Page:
Emergency medicine physicians care for our most acute health problems—immediately and without appointment or regard for the type of medical problem, or the age or gender of the patient. In many ways, this lightning fast approach is the opposite of public health. With its focus on resuscitation and stabilization of individuals in the current moment, emergency medicine doesn’t treat the upstream causes of the health crises that come through the E.R., nor does it contend with the more downstream consequences of those crises, which often reverberate through families and communities long after physical wounds have healed.
Dr. Megan Ranney will tell you however, that an emergency department is the perfect place to learn about, and practice, public health. “It’s really the place where you see public health problems before the rest of society and the rest of our country sees them,” she said. On the front lines of the overdose crisis, the firearm injury epidemic, and emerging disease outbreaks, emergency nurses and physicians witness firsthand many of society’s deepest challenges. As the only part of the United States’ health care system open to everyone, regardless of their ability to pay, emergency departments function as the “safety net of our health care system,” Ranney said. Her work in the emergency room helps keep her attuned to the “reality of health care” and “all the ways in which … society does not promote health.”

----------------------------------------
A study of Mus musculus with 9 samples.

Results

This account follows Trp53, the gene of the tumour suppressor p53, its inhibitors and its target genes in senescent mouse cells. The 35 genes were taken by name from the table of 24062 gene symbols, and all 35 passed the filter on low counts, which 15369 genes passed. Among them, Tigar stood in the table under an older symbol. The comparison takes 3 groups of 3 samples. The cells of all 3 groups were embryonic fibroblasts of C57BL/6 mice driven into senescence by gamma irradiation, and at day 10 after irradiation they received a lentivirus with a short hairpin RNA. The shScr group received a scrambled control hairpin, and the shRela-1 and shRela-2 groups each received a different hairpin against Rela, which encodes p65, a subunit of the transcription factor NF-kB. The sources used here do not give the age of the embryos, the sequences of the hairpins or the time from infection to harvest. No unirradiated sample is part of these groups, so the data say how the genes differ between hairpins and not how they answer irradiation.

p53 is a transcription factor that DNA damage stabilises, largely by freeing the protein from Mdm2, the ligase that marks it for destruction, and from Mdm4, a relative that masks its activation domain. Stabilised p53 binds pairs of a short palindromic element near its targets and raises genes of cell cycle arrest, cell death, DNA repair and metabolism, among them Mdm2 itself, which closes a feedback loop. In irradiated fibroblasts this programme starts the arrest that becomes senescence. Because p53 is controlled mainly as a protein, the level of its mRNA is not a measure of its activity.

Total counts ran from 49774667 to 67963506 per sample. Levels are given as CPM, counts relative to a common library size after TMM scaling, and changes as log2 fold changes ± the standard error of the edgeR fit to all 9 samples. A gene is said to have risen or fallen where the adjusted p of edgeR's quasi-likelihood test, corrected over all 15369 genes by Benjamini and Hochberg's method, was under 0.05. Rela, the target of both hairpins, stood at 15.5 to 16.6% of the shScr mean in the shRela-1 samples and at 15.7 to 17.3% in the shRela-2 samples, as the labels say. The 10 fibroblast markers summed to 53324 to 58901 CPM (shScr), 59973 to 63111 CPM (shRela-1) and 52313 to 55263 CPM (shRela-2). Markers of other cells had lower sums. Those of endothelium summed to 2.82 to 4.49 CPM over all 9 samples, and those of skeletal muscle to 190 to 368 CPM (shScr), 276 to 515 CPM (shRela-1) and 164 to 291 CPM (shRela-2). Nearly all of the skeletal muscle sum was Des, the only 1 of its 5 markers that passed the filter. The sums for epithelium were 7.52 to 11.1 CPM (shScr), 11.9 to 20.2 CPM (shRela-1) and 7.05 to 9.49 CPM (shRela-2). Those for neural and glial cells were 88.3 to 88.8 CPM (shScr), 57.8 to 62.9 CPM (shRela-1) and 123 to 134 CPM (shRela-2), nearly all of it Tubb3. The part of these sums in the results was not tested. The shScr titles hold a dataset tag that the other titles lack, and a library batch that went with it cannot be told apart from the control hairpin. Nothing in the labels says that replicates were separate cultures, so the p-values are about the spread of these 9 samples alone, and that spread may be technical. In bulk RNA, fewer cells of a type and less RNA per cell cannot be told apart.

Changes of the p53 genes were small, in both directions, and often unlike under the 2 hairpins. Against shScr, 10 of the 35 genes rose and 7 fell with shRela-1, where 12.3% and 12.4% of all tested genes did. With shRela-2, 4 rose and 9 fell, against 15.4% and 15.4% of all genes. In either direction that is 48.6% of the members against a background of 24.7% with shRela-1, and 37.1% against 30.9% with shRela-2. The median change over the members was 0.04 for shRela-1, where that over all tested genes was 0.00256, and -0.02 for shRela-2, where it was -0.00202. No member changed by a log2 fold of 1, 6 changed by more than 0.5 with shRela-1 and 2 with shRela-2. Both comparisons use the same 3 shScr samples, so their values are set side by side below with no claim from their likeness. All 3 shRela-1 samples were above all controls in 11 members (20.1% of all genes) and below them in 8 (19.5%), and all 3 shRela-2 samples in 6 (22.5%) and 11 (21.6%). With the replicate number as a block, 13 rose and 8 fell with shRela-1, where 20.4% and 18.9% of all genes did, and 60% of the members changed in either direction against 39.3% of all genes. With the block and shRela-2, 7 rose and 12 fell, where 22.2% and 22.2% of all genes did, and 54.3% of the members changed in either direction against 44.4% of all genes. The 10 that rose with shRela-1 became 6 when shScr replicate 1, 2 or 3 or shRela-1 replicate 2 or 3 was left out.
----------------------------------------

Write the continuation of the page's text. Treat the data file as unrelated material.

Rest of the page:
For much of her nearly two decades at Brown University, and in true Brunonian fashion, Ranney has straddled the fields of medicine and public health. She arrived at Brown in 2004, completing her medical residency in emergency medicine, followed by a fellowship in injury prevention research. She has served as an attending physician at the Miriam Hospital and Rhode Island Hospital in Providence since 2008, the year she joined Brown’s Warren Alpert Medical School faculty in the Department of Emergency Medicine. She earned an MPH from Brown in 2010, and in 2013, became an assistant professor in the Department of Health Services, Policy and Practice in the School of Public Health.
In 2019, Ranney founded the Brown-Lifespan Center for Digital Health, where creative minds from Brown and its affiliated hospital partners collaboratively design, test, and
deploy digital solutions to challenges that affect the health of patients and populations.